Landline Phones  |  Cell Phones  |  Pay Phones  |  VoIP Phones 

There are several types of devices that currently have the capability of accessing the 9-1-1 network.  The following is some important information regarding landline phones, cellular phones, payphones, and VoIP phones.

 

Landline Telephones

The most reliable telephone is the traditional landline phone.  Landline phones are connected to a telephone line within your home, so there is an accurate and specific address, as well as a correct call back number associated with them.  Landline phones also display which emergency services respond to
your location. If your handset is cordless, be sure to instruct your child on how to turn on the phone and to remain close enough to the home to retain a strong signal.

IMPORTANT: During power outages, your cordless phone will NOT work. Because of this, It is highly recommended that you keep a hard-wired (corded) phone as a backup in case of an emergency during a power outage.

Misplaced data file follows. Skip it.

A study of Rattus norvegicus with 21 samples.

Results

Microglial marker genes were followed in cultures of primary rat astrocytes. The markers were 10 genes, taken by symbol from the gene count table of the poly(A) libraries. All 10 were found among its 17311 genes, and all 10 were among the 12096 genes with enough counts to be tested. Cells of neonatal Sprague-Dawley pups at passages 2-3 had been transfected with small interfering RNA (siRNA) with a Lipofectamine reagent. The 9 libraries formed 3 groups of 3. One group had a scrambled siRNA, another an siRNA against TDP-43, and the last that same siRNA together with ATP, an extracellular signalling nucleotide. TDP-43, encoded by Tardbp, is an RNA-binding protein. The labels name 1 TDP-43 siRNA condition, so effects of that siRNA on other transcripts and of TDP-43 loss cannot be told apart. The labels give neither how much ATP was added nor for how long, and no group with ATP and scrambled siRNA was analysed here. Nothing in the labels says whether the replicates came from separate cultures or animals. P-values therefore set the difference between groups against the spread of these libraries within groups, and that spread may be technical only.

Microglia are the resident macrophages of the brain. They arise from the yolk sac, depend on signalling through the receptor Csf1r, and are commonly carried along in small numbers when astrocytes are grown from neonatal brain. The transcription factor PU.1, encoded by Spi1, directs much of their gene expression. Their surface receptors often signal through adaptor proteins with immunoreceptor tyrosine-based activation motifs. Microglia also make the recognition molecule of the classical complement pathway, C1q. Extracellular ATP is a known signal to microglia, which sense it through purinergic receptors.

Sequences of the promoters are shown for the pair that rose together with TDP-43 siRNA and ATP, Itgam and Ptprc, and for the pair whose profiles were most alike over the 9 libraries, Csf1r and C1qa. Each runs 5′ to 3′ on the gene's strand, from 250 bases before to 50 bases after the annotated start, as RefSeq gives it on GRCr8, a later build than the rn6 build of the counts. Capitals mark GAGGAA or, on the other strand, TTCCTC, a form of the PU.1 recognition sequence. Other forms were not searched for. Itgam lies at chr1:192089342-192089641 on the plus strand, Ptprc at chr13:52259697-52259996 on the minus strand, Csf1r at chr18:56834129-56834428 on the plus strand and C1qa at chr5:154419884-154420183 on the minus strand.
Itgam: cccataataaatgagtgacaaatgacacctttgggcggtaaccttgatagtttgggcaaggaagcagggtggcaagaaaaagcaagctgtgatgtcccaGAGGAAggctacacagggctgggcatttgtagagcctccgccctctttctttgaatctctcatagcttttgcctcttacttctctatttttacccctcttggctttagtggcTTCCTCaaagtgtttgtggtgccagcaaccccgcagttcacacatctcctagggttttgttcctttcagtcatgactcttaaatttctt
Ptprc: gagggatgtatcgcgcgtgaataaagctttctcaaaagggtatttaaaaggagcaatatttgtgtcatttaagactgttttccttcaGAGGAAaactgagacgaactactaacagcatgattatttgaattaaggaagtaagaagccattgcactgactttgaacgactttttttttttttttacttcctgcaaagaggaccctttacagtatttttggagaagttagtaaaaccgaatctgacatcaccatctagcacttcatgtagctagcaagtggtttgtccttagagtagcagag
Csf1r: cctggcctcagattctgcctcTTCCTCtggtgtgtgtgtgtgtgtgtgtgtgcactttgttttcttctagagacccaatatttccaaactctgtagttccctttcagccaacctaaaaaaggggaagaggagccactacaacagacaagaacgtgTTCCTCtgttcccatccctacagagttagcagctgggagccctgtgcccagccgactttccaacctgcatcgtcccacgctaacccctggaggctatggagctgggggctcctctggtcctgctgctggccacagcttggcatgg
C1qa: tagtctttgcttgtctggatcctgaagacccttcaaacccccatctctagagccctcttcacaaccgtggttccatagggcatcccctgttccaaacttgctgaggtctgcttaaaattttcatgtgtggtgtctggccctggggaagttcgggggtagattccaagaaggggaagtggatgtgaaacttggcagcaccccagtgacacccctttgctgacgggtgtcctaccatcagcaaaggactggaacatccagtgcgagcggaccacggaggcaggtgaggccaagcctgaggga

Cellular Telephones

As long as cellular phones are charged, they are capable of dialing 9-1-1 even if there are no minutes left on the phone or service plan in effect. Cellular phones are mobile, so there is not a specific address associated with them. Hillsdale County Central Dispatch is FCC Cellular Phase II capable.  What
this means is that if your cellular phone is Phase II compliant (GPS enabled), it will transmit to 9-1-1 not only your location via latitude and longitude coordinates with an accuracy of between 50 to 300 meters (approximately 164-984 feet), but it will also provide the phone's call back number, as well as the
name of the person who owns the phone. Cellular phones need to be near working cellular towers to work well.  During long-term power outages, the towers in which you rely on to receive your cellular phone signal may lose power.

 

Payphones

You do not need to deposit any money into a payphone to make a call to 9-1-1...it is a free call.

 

VOIP Phones

VoIP (Voice over Internet Protocol) is a phone service through your computer via the internet.  VoIP providers are required by FCC rules to deliver 9-1-1 calls to the appropriate public safety answering point (PSAP).  It is your responsibility to register your home address with your VoIP provider.  Keep in
mind that If you have a power outage, your VoIP service may be disabled.